Renting a House – Where do I Start?

By Peter Sarmas on 12 Jul 2013











It can be a big decision to move out of home for the first time. There are so many things to take into consideration – where will you start looking? Who are you going to move in with? What is expected of you financially?

Our regular Rental Blogs will explain the ins and outs of the rental process, from applying for a property to finding a housemate.

First steps: How do I find a rental property?

How you find a rental property will depend on your situation. Are you looking for your own place or a sharehouse?

To start with, think about the general area you want to live in. It will become clear that certain areas are pricier than others. The CBD and the suburbs immediately surrounding it will cost you more and possibly give you less value for money – considering you can find somewhere much more affordable 20 minutes out of the city. We all have different priorities, of course – you might prefer to live close to inner-city universities, public transport, nightclubs and restaurants. Our Suburb Profile, Community and Lifestyle sections can help you with this decision – they talk about each area in depth, and allow you to map out cafes, restaurants, schools and other amenities. Try not to be too specific when chosing an area, as you may miss out on a gem just outside your desired suburb. A good way to avoid this when browsing online portals is to check the “include surrounding suburbs” option. This will help broaden your search.

The main sites for rental listings in Australia are and You need to have a vague idea about what you’re able to spend on rent, but it’s advisable to browse through the listings on both sites a few times before you make any solid decisions – you need to get an idea of what is available in your price range in the area you want to live in. You may have to compromise in terms of the location, size or condition of the property to meet your budget.

If you’re looking for a room in a share house, , or might be the way to go. These sites are less formal – anyone can put up ads and respond to them, without the extra hassle of an agent. It may seem a little strange moving in with people you only know because they put up a free ad online, but it can be a great way to meet new friends. Just be careful. The internet isn’t inherently untrustworthy, it just provides more opportunity for shady dealings. Applying for share houses is like applying for job – don’t get your hopes up on one particular place, apply anywhere that could suit you. You can always turn it down later. Stay tuned to our Rental Blogs for more information about sharing rental properties and what you should look out for in a housemate.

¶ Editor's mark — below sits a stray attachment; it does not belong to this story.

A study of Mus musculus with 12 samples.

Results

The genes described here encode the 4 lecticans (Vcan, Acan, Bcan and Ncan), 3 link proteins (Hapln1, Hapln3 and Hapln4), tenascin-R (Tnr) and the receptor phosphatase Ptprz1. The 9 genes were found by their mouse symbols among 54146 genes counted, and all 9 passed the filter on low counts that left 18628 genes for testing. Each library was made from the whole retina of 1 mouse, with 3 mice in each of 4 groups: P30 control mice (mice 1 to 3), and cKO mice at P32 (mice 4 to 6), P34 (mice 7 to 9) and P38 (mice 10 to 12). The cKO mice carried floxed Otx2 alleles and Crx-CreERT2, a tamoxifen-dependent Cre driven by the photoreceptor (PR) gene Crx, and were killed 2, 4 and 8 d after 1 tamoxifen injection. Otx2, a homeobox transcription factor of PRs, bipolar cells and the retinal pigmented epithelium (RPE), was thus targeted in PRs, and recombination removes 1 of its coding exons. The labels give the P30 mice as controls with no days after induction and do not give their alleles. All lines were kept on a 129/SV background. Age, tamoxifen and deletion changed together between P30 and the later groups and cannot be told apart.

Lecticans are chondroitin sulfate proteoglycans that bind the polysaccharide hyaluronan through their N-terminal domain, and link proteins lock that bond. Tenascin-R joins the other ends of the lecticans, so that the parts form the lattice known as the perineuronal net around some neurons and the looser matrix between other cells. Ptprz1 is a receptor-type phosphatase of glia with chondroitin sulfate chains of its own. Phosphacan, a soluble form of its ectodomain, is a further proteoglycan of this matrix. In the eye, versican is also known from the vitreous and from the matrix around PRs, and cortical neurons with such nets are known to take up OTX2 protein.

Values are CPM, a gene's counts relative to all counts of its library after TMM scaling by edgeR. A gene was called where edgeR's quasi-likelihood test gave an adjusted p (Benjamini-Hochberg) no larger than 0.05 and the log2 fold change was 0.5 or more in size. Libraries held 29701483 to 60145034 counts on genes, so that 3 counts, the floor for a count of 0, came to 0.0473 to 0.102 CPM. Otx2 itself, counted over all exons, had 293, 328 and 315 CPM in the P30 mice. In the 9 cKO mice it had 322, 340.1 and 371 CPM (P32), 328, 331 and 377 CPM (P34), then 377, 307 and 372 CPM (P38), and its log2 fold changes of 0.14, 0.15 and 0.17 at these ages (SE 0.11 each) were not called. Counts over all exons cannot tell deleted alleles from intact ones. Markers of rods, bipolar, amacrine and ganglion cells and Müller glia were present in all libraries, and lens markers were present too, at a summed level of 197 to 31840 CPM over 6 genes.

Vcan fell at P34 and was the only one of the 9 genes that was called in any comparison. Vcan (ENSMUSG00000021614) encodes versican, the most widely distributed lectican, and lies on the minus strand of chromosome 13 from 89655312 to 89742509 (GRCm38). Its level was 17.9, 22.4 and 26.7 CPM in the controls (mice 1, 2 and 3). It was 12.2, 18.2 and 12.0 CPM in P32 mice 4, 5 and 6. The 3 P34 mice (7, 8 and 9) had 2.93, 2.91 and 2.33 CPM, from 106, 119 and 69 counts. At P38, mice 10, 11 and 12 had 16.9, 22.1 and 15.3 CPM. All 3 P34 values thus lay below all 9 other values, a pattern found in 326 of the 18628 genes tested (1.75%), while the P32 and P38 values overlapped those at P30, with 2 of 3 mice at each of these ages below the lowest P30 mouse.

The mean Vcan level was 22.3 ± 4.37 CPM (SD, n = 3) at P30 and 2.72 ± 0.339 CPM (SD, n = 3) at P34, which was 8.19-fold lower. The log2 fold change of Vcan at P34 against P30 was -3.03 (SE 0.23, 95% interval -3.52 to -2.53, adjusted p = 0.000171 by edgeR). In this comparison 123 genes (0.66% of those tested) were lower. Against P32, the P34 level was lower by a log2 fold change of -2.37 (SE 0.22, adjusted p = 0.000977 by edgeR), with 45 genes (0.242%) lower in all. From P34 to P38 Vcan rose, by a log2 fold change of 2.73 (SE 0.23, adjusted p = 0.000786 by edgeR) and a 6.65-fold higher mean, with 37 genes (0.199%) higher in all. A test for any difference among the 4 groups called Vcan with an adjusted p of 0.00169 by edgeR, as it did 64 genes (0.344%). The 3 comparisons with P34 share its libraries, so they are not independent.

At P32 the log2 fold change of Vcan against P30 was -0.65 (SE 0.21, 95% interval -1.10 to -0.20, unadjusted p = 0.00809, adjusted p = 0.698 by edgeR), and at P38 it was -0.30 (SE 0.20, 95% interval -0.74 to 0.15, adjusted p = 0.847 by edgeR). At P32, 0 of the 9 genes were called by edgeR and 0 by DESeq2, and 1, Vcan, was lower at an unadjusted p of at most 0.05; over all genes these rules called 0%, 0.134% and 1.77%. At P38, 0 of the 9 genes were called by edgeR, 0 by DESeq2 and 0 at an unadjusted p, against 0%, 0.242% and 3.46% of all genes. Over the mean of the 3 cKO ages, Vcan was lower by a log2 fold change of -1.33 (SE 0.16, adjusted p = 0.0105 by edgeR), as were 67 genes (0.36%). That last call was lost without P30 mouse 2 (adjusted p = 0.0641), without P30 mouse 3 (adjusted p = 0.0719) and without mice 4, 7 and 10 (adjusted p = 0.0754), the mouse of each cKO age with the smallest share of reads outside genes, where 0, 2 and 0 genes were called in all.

Your social media network can be a useful source for properties and flat mates. Make sure to check Facebook and Twitter during your search. Friends of friends who are looking for a new housemate will often create events to advertise a vacant room in their sharehouse. Moving into a vacant room where you know one of the housemates can help you to avoid the awkwardness of moving in with complete strangers, and it also means your friend can vouch for you.

About the Author

Peter Sarmas is a Certified Property Investment Advisor (PIAA) and Vendor/Buyer Advocate. Before becoming the founder of Street News, Peter completed a Degree in Applied Science (Chemistry) and a Graduate Diploma in Property Valuations (Hons). Peter believes property investing is a major and potentially risky undertaking. In his view, everyone should have an independent person acting on their behalf when seeking property investment advice.